Technology is changing the commuting experience across the board, and politicians looking to present a forward-thinking image are trying to embrace it. New York Gov. Andrew Cuomo and the New York City Transit Authority, for example, are eagerly touting a soon-to-arrive new bus fleet that will feature "enhanced amenities like USB charging ports and Wi-Fi."
But a recent nationally representative survey of transit riders from TransitCenter, a New York–based foundation focused on improving urban mobility, indicates that high-tech gimmicks are a very low priority for the people who actually use mass transit.
The future of successful, high-ridership systems may or may not involve USB ports but will definitely include reworked routes that provide reasonably fast and frequent service close to where many people live.
What riders want: fast, frequent service
The key data comes in a chart, which compares how people who recommend their local transit service feel about various transit attributes versus how transit detractors feel about them.
On some measures — like fare payment options — both promoters and detractors feel pretty good, indicating both that agencies are probably doing something right and that merely getting it right isn’t good enough to convert detractors into promoters.
The biggest gap, however, occurs in two key areas.
People who are likely to recommend their local transit service are very likely to say that it is sufficiently frequent and sufficiently fast. People unlikely to recommend it are very unlikely to feel this way.
It’s easy for politicians to give short shrift to these measures because they’re not readily visible from the outside. A dingy bus and a shiny new bus look very different within an instant, but you need to regularly use a bus line to get a sense of how frequently it comes and how fast it travels.
Fast, frequent service requires trade-offs
In the real world, delivering a fast and frequent transit experience generally involves some trade-offs.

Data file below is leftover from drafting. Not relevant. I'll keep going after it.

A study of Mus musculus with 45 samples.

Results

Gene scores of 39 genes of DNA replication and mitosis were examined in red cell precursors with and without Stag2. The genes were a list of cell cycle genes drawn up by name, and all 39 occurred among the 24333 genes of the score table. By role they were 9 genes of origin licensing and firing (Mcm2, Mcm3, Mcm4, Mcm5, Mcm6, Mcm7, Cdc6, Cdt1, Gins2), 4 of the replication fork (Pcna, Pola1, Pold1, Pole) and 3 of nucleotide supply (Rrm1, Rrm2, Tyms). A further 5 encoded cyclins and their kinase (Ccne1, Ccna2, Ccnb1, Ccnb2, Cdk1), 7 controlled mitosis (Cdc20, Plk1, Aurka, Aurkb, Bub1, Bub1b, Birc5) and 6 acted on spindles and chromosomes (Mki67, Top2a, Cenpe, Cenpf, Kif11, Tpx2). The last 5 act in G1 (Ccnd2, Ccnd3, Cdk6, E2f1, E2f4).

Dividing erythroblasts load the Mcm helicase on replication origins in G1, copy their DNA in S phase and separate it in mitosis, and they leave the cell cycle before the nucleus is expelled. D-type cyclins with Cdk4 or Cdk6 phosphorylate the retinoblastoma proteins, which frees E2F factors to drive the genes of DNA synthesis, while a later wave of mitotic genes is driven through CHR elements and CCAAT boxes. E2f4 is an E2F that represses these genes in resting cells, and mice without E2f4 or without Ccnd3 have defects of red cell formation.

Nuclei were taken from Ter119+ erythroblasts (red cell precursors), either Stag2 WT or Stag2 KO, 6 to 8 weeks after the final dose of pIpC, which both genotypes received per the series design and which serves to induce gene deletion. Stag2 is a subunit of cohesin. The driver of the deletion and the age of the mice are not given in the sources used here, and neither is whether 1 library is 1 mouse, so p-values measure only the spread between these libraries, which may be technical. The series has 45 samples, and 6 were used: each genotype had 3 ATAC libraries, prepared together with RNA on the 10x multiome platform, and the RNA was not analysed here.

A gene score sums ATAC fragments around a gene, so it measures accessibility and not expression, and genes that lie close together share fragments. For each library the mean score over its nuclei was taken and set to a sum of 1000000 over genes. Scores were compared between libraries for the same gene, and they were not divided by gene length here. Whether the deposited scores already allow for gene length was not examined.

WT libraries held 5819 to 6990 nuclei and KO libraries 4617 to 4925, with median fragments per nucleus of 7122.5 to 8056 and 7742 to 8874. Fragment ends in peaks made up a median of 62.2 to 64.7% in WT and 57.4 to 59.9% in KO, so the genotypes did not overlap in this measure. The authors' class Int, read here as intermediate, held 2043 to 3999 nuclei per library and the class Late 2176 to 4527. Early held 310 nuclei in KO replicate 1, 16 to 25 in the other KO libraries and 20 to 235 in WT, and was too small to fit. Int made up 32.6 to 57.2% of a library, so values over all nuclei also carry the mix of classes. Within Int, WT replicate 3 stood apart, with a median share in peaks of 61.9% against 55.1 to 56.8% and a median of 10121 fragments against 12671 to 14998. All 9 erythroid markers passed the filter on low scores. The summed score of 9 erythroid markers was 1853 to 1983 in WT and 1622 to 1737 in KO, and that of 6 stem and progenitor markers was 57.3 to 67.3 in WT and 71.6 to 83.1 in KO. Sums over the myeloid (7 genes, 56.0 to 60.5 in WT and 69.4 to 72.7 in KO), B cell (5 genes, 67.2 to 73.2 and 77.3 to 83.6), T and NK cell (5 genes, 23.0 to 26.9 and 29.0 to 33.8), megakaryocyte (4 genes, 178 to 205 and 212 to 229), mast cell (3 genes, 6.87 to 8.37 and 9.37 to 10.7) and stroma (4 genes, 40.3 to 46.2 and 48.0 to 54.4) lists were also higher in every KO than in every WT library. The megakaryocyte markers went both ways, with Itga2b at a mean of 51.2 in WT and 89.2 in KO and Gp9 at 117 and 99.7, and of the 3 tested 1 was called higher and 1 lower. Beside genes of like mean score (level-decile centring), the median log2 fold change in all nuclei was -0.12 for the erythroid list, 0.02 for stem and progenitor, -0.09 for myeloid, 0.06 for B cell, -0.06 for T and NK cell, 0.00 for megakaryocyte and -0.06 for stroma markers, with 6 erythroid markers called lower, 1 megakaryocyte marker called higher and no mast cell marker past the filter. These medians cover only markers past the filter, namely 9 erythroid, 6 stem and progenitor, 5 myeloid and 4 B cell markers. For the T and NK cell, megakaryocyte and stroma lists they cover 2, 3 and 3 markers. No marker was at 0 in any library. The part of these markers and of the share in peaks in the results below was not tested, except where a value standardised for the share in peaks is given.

Houston’s successful ridership-boosting redesign of its bus system is a perfect example.
The city’s leaders decided that they wanted to increase bus ridership without increasing spending too much. To get the job done, they eliminated a whole bunch of bus lines and repurposed the vehicles to create a citywide grid of lines that offered consistently frequent bus service.
The downside is that this meant some people were now further away from a bus line or had to make a transfer to get to their destination. But offering fewer lines meant Houston was able to make the remaining lines better, with buses arriving much more frequently.
The result is a map that looks worse — more blank spaces — but works better in practice, with concentrated bursts of frequent service hitting Houston’s most densely populated corridors.
A similar issue arises with bus frequency.
Many routes around the country, including in Washington, DC, where I live, stop incredibly frequently. This is nice in the sense that nobody has to walk very far to a stop. And it works okay during late-night hours when most stops are unused and can be easily skipped.
But during any reasonably busy period, frequent stops mean that buses travel much slower than private cars, since they’re constantly starting and stopping.
Better infrastructure and better payment procedures can speed this up, but there is a fundamental trade-off: A fast bus can’t stop every two blocks.
The future is about being useful
The intricacies of route planning are complicated, but the basic message across the survey is simple. When thinking about a potential change in your transit system, don’t think about whether it looks cool — think about whether it would be useful in a practical, day-to-day sense to someone who lived nearby.
For example, if you want to do something high-tech, note that one item with a big gap between satisfied and unsatisfied customers is information about when the next bus or train is coming. This kind of data has long been a staple of the better rail transit systems around the world, but modern GPS technology makes it feasible to deliver for bus lines, as well. And smartphone apps make it possible to deliver arrival information not just to fixed locations at stops but directly to customers’ pockets.
Many bigger cities like DC and San Francisco have been doing this for years, but smaller cities where transit is a lower-profile issue have been slower to get up to speed.
Unfortunately, instead of focusing on things that are useful, many cities are pouring money into transit upgrades like streetcars that run in regular city traffic. These vehicles certainly look more impressive than a humble bus, but because they run in mixed traffic and can’t switch lanes they generally move more slowly than a bus.
Technology’s most useful role in upgrading mass transit is probably on the data side. Consolidating routes and shuttering stops can make a network much more useful to many people, but it will also inconvenience others. Gathering the data and analytics to make smart trade-offs on route design will save money and boost ridership, building both political support and financial resources needed for new investments in expanded service.
This story is part of The new new economy, a series on what the 21st century holds for how we live, travel, and work.